Contact: Rachel Wolf, email@example.com
September 26, 2013
The Plot Against Pensions: How Pew and the Arnold Foundation Plan to Undermine America’s Retirement Security
WASHINGTON – The Institute for America’s Future released a new report authored by David Sirota (The Plot Against Pensions: The Pew–Arnold campaign to undermine America’s retirement security – and leave taxpayers with the bill) that examines how former Enron executive John Arnold is partnering with Pew Charitable Trusts’ Public Sector Retirement Project to fund an effort to undermine retirement security and slash public pension benefits.
The report reveals how the Pew-Arnold partnership has distorted the conversation about public pensions and created a movement to convert traditional public pensions into riskier and costlier schemes.
The report exposes how:
- Conservative activists are manufacturing the perception of a public pension crisis in order to both slash modest retiree benefits and preserve expensive corporate subsidies and tax breaks.
- The amount states and cities spend on corporate subsidies and so-called tax expenditures is far more than the pension shortfalls they face. Yet, conservative activists and lawmakers are citing the pension shortfalls and not the subsidies as the cause of budget squeezes. They are then claiming that cutting retiree benefits is the solution rather than simply rolling back the more expensive tax breaks and subsidies.
- The pension “reforms” being pushed by conservative activists would slash retirement income for many pensioners who are not part of the Social Security system. Additionally, the specific reforms they are pushing are often more expensive and risky for taxpayers than existing pension plans.
- The Pew Charitable Trusts and the Laura and John Arnold Foundation—the latter run by conservative political operatives and funded by an Enron billionaire—are working together in states across the country to focus the debate over pensions primarily on slashing retiree benefits rather than on raising public revenues.
- The techniques used by conservative activists to gain public support to privatize the public pensions that public workers have instead of Social Security are, if successful, likely to be used in efforts to privatize Social Security in the future.
“The Arnold Foundation and Pew’s Public Sector Retirement Systems Project have together orchestrated a plot against pensions that creates the perception of a crisis, slashes retiree benefits, protects corporate subsidies and enriches Wall Street,” said report author David Sirota. “Backed by Arnold and Pew, this plot convinces states and cities to plead poverty to justify pension cuts, all while those states and cities spend massive amounts of taxpayer monies on stadiums, wasteful tax expenditures and other corporate subsidies. Those subsidies, in fact, are typically far larger than the public pension shortfalls – yet they are preserved and retiree benefits are cut.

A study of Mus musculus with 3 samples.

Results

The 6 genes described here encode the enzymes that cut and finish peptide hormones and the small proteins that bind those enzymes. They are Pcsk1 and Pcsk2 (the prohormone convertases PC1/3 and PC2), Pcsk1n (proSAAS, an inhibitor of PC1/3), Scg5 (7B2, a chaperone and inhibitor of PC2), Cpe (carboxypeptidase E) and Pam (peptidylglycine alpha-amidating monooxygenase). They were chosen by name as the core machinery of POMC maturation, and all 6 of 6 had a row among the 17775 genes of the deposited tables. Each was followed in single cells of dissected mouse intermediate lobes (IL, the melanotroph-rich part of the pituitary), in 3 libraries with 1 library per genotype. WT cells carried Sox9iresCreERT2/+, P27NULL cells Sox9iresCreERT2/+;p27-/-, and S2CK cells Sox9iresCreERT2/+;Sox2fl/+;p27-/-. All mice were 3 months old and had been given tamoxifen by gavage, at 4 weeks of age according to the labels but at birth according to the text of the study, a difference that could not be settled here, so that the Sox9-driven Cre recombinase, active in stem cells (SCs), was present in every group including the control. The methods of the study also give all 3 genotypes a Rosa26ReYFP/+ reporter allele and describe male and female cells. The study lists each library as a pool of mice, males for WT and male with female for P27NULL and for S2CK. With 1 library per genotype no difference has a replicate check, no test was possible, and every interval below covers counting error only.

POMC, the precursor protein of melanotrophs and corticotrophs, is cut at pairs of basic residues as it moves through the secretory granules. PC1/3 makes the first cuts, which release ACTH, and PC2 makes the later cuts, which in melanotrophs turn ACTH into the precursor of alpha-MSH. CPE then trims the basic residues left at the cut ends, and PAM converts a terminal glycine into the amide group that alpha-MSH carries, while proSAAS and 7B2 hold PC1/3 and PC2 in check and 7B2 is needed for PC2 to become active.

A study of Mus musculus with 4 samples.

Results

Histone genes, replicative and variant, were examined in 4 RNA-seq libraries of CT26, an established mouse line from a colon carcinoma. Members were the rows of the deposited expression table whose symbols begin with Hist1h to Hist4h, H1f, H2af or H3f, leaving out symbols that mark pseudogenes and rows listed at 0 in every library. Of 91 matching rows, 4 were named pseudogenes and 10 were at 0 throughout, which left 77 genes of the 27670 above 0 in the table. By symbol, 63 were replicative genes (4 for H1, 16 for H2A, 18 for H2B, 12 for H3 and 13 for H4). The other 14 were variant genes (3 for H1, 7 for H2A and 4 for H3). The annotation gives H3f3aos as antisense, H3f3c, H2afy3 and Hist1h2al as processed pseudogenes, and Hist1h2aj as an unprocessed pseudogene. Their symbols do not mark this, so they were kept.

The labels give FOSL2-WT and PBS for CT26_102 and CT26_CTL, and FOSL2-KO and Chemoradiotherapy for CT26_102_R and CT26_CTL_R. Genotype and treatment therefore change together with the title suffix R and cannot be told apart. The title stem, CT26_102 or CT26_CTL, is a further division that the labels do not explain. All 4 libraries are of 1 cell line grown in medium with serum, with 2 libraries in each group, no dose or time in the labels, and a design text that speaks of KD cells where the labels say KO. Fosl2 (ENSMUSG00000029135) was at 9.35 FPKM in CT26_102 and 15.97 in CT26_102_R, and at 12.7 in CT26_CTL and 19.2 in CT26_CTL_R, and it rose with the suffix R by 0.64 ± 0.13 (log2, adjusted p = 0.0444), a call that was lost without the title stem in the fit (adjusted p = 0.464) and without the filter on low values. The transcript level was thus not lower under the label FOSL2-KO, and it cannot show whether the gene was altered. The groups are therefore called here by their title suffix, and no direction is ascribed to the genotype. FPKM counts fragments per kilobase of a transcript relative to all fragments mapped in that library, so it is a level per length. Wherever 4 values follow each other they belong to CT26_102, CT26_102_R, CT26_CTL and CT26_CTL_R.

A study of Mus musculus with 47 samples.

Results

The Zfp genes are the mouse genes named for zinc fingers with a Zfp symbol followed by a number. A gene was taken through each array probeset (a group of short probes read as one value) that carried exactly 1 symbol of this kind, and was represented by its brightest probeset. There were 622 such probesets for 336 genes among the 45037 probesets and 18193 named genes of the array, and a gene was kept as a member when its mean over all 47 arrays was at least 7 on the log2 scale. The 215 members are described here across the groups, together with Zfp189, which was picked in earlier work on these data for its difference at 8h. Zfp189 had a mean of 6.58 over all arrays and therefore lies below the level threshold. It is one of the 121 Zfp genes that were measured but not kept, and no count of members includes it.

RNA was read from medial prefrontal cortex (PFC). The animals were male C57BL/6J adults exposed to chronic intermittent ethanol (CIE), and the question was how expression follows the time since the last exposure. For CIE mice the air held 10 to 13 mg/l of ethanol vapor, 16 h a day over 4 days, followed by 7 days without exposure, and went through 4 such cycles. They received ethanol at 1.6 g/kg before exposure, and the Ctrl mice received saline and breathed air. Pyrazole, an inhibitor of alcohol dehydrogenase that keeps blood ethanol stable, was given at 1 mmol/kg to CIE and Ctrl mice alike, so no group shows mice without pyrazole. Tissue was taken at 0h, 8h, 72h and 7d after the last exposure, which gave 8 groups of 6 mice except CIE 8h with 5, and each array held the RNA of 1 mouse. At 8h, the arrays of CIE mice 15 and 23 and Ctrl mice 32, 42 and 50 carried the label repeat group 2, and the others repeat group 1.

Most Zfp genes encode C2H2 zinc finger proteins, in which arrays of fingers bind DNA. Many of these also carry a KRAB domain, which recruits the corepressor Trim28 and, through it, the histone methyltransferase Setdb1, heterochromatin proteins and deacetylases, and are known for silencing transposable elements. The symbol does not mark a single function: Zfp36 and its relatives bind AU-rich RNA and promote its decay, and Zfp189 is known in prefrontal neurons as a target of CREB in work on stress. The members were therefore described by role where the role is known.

“Ultimately, this immoral bait and switch effectively finances corporate handouts with pensioners hard-earned money – and in the process, changes to pensions often end up enriching the banking industry. This is not pension ‘reform’ – it is yet another stealth effort to force middle-class workers to subsidize the rich.”
“The methodology that Pew has promoted to assess pension liabilities has manufactured a crisis by grossly exaggerating the difficulties these funds face,” said Dean Baker, co-founder of the Center for Economic and Policy Research. “Pew’s warnings about excessive return assumptions would have been far more timely during the 1990s.”
“Here in Kentucky, we saw firsthand the deceptive work that Pew is undertaking in states across the country in order to promote their cash balance pension overhaul policy,” said Kentucky State Representative Jim Wayne. “As a legislator who recently fought this losing battle against Pew, I feel it my duty to warn legislators across the country about the ramifications of letting Pew into their states. Buyer beware.”
“At a time when Americans across the family are struggling to make ends meet in retirement, foundations like Pew ought to be advocating for policies that strengthen retirement security—not partnering with ultra-conservatives to push for policies that threaten to retire a generation of workers into poverty,” said Roger Hickey, co-director of the Institute for America’s Future. “The pension-crippling legislation that Pew and Arnold are pushing in states is terrible news for working families and for anyone who supports smart and fair public policies.”